We interrupt nonstop hype over Jeremy Lin to deliver the most eagerly awaited words in baseball other than "My first action as owner is to lower beer prices": Pitchers and catchers report to spring training this weekend.
Here's how some teams look as spring training begins:
BOSTON: As part of new manager Bobby Valentine's old-school spring training regimen to get the Red Sox in proper shape to collapse in September, starting pitchers must run 10 foul line-to-foul line wind sprints before sneaking to the clubhouse for chicken and beer. Also, when playing golf each afternoon, players must carry their own clubs. And NCAA brackets must be filled out in cursive.
DETROIT: Prince Fielder promises he will report to camp in the best shape of his career, which, admittedly, isn't saying much.
CHICAGO CUBS: As a demonstration of their generosity, the Ricketts family will celebrate the team's final season at HoHoKam Park in Mesa, Ariz., by waiving the service charge on general-admission ticket orders for every fan who was alive when the Cubs last won a World Series and also "likes" new manager Dale Sveum on his Facebook page.
COLORADO: Recently signed pitcher Jamie Moyer is expected to be the first player in spring training history to be even older than the stadium ushers. To make Moyer feel more comfortable, the Rockies will play "Matlock" 24/7 on the clubhouse TV this spring, switch pregame snacks from sunflower seeds and gum to prunes and require players to wear their uniform pants with the stirrup socks showing and the waistband pulled up to at least three inches above the navel.
NEW YORK METS: As part of the team's new austerity measures, the Mets players and coaches have been told to hitchhike to spring training in Port St. Lucie, Fla. Said owner Fred Wilpon: "They'll still get here earlier than Rickey Henderson ever did."
NEW YORK YANKEES: When pitchers and catchers report Saturday, Joba Chamberlain is expected to become the first player in spring training history NOT to say he is in the best shape of his life. ... After one of his worst seasons in 2011, Derek Jeter already has reported to spring training so he can get an early start autographing bats and baseballs to put in the gift baskets he'll send women home with this year.
ST. LOUIS: Pitchers and catchers are scheduled to report this weekend. Position players will report Thursday. Squirrels and other rodents will report at the least opportune moment for the Cardinals' opponents.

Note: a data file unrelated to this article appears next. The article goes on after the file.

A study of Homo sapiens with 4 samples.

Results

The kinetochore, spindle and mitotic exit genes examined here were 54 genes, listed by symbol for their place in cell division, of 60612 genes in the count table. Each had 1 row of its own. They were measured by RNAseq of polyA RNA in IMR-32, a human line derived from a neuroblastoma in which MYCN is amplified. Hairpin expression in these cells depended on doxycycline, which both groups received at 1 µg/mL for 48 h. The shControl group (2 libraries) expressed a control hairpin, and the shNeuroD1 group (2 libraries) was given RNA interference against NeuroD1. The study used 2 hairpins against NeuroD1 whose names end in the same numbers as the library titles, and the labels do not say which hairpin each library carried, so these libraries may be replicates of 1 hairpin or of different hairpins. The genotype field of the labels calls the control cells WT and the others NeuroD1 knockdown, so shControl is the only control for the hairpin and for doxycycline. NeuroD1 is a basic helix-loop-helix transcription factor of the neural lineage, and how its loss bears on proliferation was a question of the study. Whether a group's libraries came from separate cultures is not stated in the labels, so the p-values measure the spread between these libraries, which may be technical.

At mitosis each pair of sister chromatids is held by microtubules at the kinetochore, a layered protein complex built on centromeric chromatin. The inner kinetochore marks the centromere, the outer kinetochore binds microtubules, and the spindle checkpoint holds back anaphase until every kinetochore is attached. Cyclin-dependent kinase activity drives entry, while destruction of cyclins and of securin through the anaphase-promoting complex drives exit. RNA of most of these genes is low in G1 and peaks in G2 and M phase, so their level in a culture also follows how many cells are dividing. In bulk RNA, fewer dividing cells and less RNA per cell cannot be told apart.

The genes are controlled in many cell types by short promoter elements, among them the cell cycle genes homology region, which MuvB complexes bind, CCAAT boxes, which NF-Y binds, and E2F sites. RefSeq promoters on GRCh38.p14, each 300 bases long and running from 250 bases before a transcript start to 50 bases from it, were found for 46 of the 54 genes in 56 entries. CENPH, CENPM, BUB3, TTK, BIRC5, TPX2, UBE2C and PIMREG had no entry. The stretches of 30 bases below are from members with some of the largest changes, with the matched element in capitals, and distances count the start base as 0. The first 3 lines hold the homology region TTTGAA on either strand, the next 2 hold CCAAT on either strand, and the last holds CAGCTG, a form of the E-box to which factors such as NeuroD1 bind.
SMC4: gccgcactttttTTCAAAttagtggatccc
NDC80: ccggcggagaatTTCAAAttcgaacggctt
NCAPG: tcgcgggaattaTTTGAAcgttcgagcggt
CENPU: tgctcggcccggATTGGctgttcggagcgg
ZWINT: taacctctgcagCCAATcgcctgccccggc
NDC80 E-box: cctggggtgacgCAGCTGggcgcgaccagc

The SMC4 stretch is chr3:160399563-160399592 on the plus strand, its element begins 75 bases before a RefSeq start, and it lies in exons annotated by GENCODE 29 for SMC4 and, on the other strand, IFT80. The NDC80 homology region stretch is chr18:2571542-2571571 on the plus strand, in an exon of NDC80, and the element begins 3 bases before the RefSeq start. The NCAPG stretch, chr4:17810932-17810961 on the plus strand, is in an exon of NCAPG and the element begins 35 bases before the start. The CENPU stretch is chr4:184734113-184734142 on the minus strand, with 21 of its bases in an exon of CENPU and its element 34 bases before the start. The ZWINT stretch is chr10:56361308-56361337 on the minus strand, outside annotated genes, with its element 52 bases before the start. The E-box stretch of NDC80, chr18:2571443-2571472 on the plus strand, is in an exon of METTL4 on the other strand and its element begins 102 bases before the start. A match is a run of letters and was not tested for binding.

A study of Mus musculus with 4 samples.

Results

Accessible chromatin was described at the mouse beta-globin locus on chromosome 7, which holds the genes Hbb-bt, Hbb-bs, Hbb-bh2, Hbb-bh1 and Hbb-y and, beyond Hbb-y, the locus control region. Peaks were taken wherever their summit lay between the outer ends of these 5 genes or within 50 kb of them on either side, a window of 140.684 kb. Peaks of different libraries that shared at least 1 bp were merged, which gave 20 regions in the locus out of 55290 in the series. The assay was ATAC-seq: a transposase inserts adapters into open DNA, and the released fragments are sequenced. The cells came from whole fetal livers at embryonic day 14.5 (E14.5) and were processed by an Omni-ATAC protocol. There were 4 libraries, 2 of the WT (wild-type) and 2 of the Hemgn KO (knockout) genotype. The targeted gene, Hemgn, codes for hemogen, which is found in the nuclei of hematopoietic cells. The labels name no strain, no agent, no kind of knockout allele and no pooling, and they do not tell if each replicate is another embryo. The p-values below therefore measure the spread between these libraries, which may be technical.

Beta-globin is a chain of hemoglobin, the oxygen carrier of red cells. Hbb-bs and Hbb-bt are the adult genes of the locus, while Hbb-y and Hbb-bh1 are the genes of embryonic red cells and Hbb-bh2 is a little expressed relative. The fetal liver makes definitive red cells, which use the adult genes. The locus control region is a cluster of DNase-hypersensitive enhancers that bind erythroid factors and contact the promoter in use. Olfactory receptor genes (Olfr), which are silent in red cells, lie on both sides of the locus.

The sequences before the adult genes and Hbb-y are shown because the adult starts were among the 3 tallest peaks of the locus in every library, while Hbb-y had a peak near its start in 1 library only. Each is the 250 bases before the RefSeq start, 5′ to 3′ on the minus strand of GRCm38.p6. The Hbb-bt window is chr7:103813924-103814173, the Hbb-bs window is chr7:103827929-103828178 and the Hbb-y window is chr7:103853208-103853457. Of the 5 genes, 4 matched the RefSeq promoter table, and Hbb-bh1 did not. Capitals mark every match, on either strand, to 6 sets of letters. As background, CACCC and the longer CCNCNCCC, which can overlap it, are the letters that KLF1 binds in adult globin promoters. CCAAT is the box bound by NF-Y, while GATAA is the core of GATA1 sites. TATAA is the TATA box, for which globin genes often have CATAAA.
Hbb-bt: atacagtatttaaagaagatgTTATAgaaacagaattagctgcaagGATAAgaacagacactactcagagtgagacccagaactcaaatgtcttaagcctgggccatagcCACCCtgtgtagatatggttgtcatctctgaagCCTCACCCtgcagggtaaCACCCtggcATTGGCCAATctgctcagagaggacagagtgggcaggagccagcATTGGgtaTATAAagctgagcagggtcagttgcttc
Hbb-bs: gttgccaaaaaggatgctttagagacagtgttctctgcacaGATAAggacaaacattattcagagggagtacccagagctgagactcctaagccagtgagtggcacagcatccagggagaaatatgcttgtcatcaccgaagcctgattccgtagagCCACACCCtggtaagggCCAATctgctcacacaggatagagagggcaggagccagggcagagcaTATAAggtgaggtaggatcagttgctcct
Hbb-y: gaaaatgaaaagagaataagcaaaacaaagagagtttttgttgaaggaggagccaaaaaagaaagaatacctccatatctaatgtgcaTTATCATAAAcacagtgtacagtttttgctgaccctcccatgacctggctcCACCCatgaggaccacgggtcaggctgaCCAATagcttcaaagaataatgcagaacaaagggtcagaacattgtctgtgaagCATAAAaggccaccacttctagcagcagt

CHICAGO WHITE SOX: New manager Robin Ventura said that one of the new fundamental drills he is adding is how NOT to charge the mound. ... Although position players don't begin workouts until Feb. 28, designated hitter Adam Dunn unfortunately says he is already in midseason form.
LOS ANGELES ANGELS OF ANAHEIM: With the additions of Albert Pujols and C.J. Wilson, the Rally Monkey said he will take it easy this spring by playing golf and working on his tan.
OAKLAND: The Athletics reportedly are close to signing Manny Ramirez, even though he would not be eligible to play with the team until late May. "That's OK," general manager Billy Beane said. "He never shows up to spring training much before then, anyway."
PITTSBURGH: The Pirates will prepare for October by playing two rounds of golf instead of just one each afternoon.
SEATTLE: Because they will open the season March 28 in Japan, Mariners pitchers reported last weekend. The team's offense, however, is not expected to show up until selected Tuesdays in August.
MIAMI: Marlins pitchers are scheduled to throw from the mound for the first time Sunday. Carlos Zambrano is scheduled to throw his first tantrum Monday.
HOUSTON: Interestingly, this year's reporting date coincides with the same day the Astros will be eliminated from the NL Central race.
TORONTO: To prepare himself for spring training, third baseman Brett Lawrie says he spent the winter taking ground balls, hitting in the cage, lifting weights, running sprints and playing a lot of cornhole.
Jim Caple is a senior writer for ESPN.com. You can follow him on Twitter @jimcaple.